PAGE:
Origin Energy’s underlying profit might have surged more than 40% in the year to June, but the coming year will be tougher, so a new dividend policy will be adopted to handle any slowdown.
Origin’s net profit increased five-fold to $1.21 billion in the year to June 30, up from $280 million in 2017-18.
After excluding one-off items, profit was up 41.5% $1.03 billion.
The company thinks the federal government’s introduction of a fixed basic energy price for customers will make life tougher to companies like in the electricity and gas markets.
CEO Frank Calabria said in a statement and later briefing that “headwinds” were affecting electricity margins.
“In light of this, we have been focused on enhancing the customer experience, simplifying our retail business by targeting cost savings of greater than $100 million by the 2021 financial year and growing new revenue streams in centralised energy services, solar and storage and broadband,” he said.
Origin said profit in its natural gas portfolio was expected to be “relatively stable” during the coming year, but the company has warned of a $100 million reduction in electricity profit on the back of the impact of government default market offers.
He said the 2018-19 result was underpinned by “contributions from two strong cash-generating businesses,” Mr. Calabria said as well as the company’s continuing efforts to simplify the organisation.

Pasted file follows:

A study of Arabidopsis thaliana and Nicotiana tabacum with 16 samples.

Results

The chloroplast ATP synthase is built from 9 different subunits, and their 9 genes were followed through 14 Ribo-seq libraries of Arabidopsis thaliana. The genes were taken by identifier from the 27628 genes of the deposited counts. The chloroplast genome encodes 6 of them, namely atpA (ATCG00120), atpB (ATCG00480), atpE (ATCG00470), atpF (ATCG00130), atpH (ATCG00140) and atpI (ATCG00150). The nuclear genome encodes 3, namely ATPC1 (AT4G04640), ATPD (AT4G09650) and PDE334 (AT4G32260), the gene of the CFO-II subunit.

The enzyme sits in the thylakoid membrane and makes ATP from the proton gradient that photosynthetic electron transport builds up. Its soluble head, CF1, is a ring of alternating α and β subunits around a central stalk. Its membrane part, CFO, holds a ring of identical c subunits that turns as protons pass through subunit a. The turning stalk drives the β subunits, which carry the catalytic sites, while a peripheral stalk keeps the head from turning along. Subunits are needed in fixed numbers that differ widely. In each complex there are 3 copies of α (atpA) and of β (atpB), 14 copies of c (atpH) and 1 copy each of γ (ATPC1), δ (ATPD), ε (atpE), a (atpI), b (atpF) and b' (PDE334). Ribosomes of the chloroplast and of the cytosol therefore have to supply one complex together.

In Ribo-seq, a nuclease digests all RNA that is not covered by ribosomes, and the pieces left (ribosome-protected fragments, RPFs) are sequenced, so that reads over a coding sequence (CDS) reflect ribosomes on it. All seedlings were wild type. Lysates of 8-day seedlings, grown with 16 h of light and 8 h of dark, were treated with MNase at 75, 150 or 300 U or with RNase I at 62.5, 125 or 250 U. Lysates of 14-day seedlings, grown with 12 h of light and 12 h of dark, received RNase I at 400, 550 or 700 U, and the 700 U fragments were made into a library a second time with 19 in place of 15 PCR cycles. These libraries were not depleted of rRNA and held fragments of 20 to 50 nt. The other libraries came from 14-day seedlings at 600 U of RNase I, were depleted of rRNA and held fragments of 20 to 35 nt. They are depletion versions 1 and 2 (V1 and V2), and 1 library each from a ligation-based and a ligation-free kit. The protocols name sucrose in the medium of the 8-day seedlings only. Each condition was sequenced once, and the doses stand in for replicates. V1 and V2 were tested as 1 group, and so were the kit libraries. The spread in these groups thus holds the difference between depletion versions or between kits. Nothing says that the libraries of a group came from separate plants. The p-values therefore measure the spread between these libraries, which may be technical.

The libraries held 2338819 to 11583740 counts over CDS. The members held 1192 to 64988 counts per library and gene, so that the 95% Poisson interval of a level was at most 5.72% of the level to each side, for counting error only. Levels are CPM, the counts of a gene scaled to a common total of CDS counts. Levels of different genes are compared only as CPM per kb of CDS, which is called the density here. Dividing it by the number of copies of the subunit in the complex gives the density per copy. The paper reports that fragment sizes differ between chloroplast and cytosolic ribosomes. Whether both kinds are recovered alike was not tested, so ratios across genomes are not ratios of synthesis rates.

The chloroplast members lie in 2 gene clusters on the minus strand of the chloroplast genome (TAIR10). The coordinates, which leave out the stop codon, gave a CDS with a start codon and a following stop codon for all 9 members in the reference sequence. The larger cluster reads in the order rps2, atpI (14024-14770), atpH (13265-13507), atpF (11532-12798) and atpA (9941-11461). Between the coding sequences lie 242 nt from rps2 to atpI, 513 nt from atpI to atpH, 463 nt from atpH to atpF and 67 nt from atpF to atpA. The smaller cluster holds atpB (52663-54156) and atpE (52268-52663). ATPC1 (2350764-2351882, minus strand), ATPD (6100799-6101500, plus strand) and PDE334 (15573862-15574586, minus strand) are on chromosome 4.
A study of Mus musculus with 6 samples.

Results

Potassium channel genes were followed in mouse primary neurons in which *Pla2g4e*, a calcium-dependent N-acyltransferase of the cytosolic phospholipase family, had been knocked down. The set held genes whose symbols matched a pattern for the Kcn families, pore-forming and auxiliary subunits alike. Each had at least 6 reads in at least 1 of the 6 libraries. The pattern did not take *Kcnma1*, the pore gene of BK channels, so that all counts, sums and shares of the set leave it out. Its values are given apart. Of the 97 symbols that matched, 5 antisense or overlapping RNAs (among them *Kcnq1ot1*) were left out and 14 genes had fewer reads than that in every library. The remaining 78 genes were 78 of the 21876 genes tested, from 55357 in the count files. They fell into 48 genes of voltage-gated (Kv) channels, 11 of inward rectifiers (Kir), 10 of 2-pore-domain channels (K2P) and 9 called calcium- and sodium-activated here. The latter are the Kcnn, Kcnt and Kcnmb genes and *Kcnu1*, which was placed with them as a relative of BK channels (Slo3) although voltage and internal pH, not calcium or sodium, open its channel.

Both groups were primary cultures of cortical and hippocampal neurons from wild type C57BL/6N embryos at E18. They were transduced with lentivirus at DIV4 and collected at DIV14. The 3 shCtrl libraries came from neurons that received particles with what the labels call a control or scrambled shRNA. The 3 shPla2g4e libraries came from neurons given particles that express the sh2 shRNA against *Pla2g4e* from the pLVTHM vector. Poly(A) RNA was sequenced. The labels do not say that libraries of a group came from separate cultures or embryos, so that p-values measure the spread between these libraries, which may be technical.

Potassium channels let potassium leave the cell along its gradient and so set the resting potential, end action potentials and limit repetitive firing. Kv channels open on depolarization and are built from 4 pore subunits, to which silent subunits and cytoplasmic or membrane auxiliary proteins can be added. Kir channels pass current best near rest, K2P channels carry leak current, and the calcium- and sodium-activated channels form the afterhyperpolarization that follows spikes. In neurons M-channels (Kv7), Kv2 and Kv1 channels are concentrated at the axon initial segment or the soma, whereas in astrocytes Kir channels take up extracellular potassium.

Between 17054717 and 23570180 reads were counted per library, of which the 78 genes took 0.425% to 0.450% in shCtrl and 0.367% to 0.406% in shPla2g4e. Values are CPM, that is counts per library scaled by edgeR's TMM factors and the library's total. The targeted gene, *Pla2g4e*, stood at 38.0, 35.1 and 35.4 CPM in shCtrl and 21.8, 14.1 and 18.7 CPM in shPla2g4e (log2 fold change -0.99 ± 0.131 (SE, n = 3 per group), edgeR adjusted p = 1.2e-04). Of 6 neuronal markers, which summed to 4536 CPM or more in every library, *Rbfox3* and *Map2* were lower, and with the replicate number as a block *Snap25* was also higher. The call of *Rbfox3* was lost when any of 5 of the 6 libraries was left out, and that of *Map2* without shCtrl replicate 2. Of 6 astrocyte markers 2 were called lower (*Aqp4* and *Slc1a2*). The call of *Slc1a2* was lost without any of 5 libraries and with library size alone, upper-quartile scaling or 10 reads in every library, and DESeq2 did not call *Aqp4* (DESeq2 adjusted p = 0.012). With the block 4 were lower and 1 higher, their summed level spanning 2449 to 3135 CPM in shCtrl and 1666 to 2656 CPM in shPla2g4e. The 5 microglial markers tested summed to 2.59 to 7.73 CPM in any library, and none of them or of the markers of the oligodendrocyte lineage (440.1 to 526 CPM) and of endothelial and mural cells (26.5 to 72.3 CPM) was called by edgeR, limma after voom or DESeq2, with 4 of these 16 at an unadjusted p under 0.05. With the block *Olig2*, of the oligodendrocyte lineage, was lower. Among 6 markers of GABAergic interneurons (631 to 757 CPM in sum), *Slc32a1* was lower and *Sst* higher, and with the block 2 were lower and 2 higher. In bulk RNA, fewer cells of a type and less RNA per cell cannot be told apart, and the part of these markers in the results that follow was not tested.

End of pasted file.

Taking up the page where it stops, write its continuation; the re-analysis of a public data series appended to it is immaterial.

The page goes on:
“Our efforts to simplify the organisation and a $1.1 billion reduction in debt resulted in us achieving the lower end of our target capital structure range.
“This disciplined approach to capital means Origin is in a position to deliver both returns to shareholders through the dividend and to focus on growth opportunities, “ the CEO added.
Origin declared a final dividend of 15 cents a share. With the interim of 10 cents a share, it is the first annual dividend since 2015-16 when a 25 payment was made.
Origin Chairman Gordon Cairns indicated that the company’s board had put in place a new dividend payout ratio policy.
“The board has also announced a dividend policy which will seek to pay shareholder distributions through the business cycle, targeting an ordinary dividend payout range of 30 to 50 percent of free cash flow per year.”
That means dividends will be determined not by earnings by efficiencies, cash generation, and retention as well as revenue gains.
Investors ignored that news and the warning of the ‘headwinds’ in 2019-20 and pushed the shares up 2.3% to $7.37 at the close.